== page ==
In this piece, Cobb resident John Morris discusses the focus on STEM in schools today. Morris received his B.S. in electrical engineering and M.S. in computer science from Texas A&M.  He also received a M.A. in science, technology, and public policy from George Washington University.

He has spent the last 18 years designing and developing software for the retail industry, most recently as a member of a research and development team responsible for demonstrating new technologies and constructing cutting edge retail applications.  Morris has been a resident of North Cobb since 1992.

By John Morris

There is a great deal of concern schools are not doing enough to prepare our children to navigate a future that is dominated by technology. To address that concern, districts across the country are turning their attention to STEM (science, technology, engineering, and math) education, working diligently to add more STEM courses and more rigor.

Unfortunately, many of these efforts are based on  myths. Of these myths, four are common. The first is that the science and math that underpins today’s society is different from what it was just a few years ago. It is natural to assume science and math now are different because so much has changed, but that assumption would be wrong.

Granted, the variety of STEM degrees has increased, but they all begin assuming a general education with an emphasis on science and math. The science and math fundamentals, however, have not been changing.

For example, Euclid’s Elements (about 2300 years old) is the basis of modern geometry. Modern calculus was developed in the 17th century by Isaac Newton and Gottfried Leibniz. The modern theory of the atom was developed much more recently, in the 1920s and 30s. Much of the same can be said when it comes to chemistry and physics fundamentals. We should not confuse the fact the tools with which we teach may need to change with the fact that who we teach, how much time we have to teach, and what we teach are not changing.

The second myth is that anyone can be an engineer programmer. The STEM education rhetoric has an underlying theme that everyone should aspire to be and can be an engineer or programmer. Not everyone is destined to be an engineer or programmer, no more than everyone is destined to be a poet, an artist, or a professional athlete. No amount of wishing can make it so.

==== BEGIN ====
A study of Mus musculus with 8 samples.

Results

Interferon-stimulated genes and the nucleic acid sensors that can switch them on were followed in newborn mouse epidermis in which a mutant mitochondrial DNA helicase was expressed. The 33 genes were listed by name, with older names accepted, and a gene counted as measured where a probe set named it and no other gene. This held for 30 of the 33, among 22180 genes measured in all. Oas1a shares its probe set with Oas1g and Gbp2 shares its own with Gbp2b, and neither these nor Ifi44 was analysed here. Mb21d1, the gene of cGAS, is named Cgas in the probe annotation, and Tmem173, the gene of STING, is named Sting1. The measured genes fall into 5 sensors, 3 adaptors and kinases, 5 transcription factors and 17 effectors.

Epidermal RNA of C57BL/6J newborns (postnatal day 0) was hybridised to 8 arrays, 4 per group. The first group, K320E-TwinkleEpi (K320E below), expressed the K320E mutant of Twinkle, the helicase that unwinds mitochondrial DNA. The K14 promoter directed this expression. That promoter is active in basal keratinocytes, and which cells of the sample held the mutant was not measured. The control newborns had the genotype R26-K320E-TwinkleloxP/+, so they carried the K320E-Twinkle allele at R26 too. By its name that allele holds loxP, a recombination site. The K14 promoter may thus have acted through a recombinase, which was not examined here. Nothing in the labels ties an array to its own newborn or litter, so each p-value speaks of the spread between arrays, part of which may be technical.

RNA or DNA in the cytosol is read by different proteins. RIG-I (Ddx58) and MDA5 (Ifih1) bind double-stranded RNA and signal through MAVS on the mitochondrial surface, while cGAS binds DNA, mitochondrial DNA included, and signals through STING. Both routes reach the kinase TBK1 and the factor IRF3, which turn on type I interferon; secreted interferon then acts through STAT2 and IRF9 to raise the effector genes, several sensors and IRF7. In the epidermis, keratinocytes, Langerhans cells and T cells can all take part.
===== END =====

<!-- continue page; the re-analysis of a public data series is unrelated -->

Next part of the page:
Just as not everyone can work in a STEM discipline, not everyone can teach STEM disciplines. Our new commitment to STEM education is at odds with the teaching staffs at most schools, staffs not well suited to achieving new STEM goals. That’s led to more myth making. For example, the U.S. Department of Education claims disciplines such as English, history, and civics can provide a solid foundation for teaching computer science concepts.

The notion that English provides a solid foundation for teaching computer science is no less ludicrous than believing a computer science degree provides a solid foundation for teaching English. In the end, such ideas betray not only a mind-numbing ignorance of the discipline of computer science, but also a dangerous arrogance that reduces STEM skills to something that can be mastered in a moment and its practitioners to a little more than a commodity.

Finally, the myth that STEM is paramount leads to undervaluing other disciplines such as philosophy, psychology, sociology, and so on — the soft sciences.  Ultimately, the best of what we create is  a melding of art and science (e.g., consider a good web site, part art, part psychology, part science, part engineering).  So, those who would trivialize the contributions of anything that is not STEM to technological advancement are ill-informed.

So what then must we do? First invest our time and effort in teaching the fundamentals, remembering that a high school is not a university and offers a limited curriculum — is short, focus, expect rigor, excel. Students well grounded in the fundamentals will be well prepared for college as well as a world dominated by technology.

Second, invest in informal education opportunities such as robotics, which is multi-disciplinary and has a number of vocational aspects. Informal education of this type allows one to leverage local problems, skills, colleges, and industries (e.g., applying robotics in an agricultural setting). Informal, project-oriented, education also provides students with the opportunity to build team skills and acquire years of practical experience.

Third, always satisfy the demand for the courses offered; no student should ever be told a class is full.

Fourth, encourage and foster high aspirations. For example, a student with remedial math skills as a freshmen, given sufficient motivation, tenacity, and aptitude should be able to take AP Calculus as a senior and do well — a block schedule offers a lot of opportunity for students to catch up if they have fallen behind.

Fifth, invest in tools, technologies, and practices that will extend the reach and productivity of the teacher.  The classroom teacher is the most versatile and capable resource in the education establishment, but he or she only has so much time and the impact of that time is diluted by practices and tools that by today’s standards seem antiquated.

Finally, all must recognize that education cannot be improved by alienating the profession that carries it out. Even so, performance evaluations are a given. Teaching, like any other profession, is apt to have among its number some that are mediocre at best, some even incompetent. Hiring mistakes are made. Failing to recognize and anticipate that some teachers will not meet expectations comes at a high price. A child goes to kindergarten once, only once.





Maureen Downey has written editorials and opinion pieces about local, state and federal education policy since the 1990s.